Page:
Those Who Paved the WayCelia Wasco's discusses the role of patient advocacy in medical research, focusing on the impact of the ACT UP movement and the inclusion of patients' voices in clinical research and drug development.
As the fourth participant in the Personal Genome Project, Dr. Misha Angrist is experienced in paving the way in which the public interacts with scientific research. He voluntarily chose to have his entire genome sequenced and made public.
In his professional life, he continues to explore and share the way we govern and regulate research with human beings. At Duke, he teaches a class on patient activism and advocacy where he takes his students through the research process from “guinea pigs to pink ribbons” (or from wet lab research to treatments for breast cancer).
During the seminar, he shared a core patient advocacy movement that permanently changed clinical research and the drug approval process. It seems natural to include patients in the way that their medical condition is researched and treated, whether it’s a diagnosis of diabetes or ALS. However, the involvement of patients in the medical research process is a rather novel development. We have ACT UP (AIDS Coalition To Unleash Power) to thank for the presence of patients’ voices in clinical research and drug development. In 1987, the group formed to bring attention to the AIDS epidemic and advocate for an overlooked and underserved patient population. They battled the FDA to expedite the process of testing and approving AIDs drugs.
Dr. Angrist examined the problems that arise with three different stakeholders in the drug development process. The FDA’s primary goal is to ensure that all drugs available to the public are safe and effective. This often means lengthy clinical trials and years of waiting before a drug is available to the public. Patient’s want the FDA to accelerate the process of testing and approving drugs so that they can have access to potentially life saving medication as soon as possible. Pharmaceutical companies are supportive of rapid drug approval because it means they will spend less money on further clinical trials and have more time on their patent in the market. If a balance between efficacy testing and speed is not found, patients may desperately pay high costs for drugs with no proven benefits and potential side effects. The FDA must evaluate safety and efficacy but also incorporate patient health and bodily autonomy into their decision-making process.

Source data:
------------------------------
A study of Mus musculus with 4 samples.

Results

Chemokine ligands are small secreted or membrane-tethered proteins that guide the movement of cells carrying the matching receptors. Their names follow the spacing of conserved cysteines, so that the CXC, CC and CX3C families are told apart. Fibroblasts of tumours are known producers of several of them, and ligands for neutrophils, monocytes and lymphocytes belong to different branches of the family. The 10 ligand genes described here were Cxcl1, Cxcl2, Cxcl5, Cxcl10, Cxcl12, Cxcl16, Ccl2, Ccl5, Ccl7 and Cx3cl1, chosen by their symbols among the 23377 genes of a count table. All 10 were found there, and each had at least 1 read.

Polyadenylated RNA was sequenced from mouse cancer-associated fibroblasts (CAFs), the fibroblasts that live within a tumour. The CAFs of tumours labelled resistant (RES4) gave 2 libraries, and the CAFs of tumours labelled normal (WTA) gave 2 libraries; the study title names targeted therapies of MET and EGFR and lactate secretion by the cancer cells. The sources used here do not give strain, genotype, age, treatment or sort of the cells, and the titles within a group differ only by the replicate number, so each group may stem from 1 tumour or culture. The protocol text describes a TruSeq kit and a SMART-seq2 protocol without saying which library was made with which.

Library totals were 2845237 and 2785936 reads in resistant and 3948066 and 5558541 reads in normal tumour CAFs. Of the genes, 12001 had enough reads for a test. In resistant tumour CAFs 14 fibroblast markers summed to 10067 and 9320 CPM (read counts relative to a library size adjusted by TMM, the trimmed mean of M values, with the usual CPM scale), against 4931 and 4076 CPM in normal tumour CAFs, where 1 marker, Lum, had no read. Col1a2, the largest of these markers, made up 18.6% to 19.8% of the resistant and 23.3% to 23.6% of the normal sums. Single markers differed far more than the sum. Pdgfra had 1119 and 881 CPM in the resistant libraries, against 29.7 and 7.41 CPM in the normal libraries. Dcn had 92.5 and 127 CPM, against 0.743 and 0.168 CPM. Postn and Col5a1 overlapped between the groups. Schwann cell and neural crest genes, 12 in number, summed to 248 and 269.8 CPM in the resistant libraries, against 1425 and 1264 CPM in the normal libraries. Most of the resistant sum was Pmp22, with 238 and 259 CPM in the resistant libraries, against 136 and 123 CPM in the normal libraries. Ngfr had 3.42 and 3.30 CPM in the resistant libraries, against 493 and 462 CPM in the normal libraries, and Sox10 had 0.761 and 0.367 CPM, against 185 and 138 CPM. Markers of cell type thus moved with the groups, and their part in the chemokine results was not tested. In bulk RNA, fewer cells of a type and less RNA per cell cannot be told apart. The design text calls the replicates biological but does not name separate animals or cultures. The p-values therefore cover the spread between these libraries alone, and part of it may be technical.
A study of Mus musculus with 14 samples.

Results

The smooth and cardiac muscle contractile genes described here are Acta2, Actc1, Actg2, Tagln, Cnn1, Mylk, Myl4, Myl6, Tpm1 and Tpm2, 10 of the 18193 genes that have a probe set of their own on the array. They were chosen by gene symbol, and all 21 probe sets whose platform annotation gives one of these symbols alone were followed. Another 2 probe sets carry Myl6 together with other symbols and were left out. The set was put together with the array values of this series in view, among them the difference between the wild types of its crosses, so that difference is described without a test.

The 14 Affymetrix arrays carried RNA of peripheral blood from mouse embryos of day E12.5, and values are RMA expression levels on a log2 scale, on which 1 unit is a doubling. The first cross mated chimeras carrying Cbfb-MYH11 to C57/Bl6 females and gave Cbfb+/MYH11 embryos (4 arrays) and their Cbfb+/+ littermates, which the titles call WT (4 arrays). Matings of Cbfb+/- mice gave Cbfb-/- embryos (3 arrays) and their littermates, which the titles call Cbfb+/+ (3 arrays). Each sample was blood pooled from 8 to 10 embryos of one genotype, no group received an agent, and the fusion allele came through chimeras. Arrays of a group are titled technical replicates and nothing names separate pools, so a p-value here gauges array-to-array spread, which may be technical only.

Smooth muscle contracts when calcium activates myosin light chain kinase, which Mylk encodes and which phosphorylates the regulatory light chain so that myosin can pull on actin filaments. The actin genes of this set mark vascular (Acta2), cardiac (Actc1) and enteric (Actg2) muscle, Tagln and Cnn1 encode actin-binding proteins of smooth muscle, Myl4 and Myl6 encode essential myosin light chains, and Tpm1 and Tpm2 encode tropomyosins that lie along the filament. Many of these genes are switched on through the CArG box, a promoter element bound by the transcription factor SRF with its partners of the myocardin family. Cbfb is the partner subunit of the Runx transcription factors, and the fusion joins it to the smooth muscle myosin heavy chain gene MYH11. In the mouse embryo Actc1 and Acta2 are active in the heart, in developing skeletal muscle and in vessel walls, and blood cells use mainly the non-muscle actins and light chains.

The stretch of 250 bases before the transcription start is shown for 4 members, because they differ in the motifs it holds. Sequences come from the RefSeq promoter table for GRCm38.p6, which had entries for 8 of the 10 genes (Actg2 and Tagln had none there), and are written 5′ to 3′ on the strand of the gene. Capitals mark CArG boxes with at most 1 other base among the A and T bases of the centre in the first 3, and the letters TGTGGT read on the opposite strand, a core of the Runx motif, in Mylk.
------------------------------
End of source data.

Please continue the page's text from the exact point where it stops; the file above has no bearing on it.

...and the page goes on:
In the case of the AIDS epidemic, the FDA was not effectively testing and approving promising treatments. This led many people to protest outside the FDA headquarters for withholding AIDS drugs safely used in other countries and blocking patients from life saving medication. At the time, the only available drug to treat HIV, ATZ, was not entirely effective and was toxic. With over 140 potential drugs identified by the FDA as potential treatments for HIV, ACT UP demanded that the FDA accelerate their research and “get drugs into bodies”.
ACT UP set the blueprint for activism and advocacy and set a new precedent in which patients had a voice in decision-making processes at the FDA. The movement started a conversation on how to include patients in clinical research. In the 1990s, the FDA began to include patient representatives on every advisory board. There is no doubt that ACT UP helped accelerate the process of finding an effective treatment for AIDS. Fast acting drug approvals of the past helped to prepare the FDA to rapidly approve covid-19 vaccines.
Patient voices are crucial for health equity and optimal medical care. As we advance patient advocacy in the present, we must acknowledge that our ability to do so is a legacy of ACT UP.
Celia Wasco, Huang Fellow ’26
Celia Wasco is a first-year student from Neenah, Wisconsin, pursuing a Program II major in bioethics with a minor in computer science.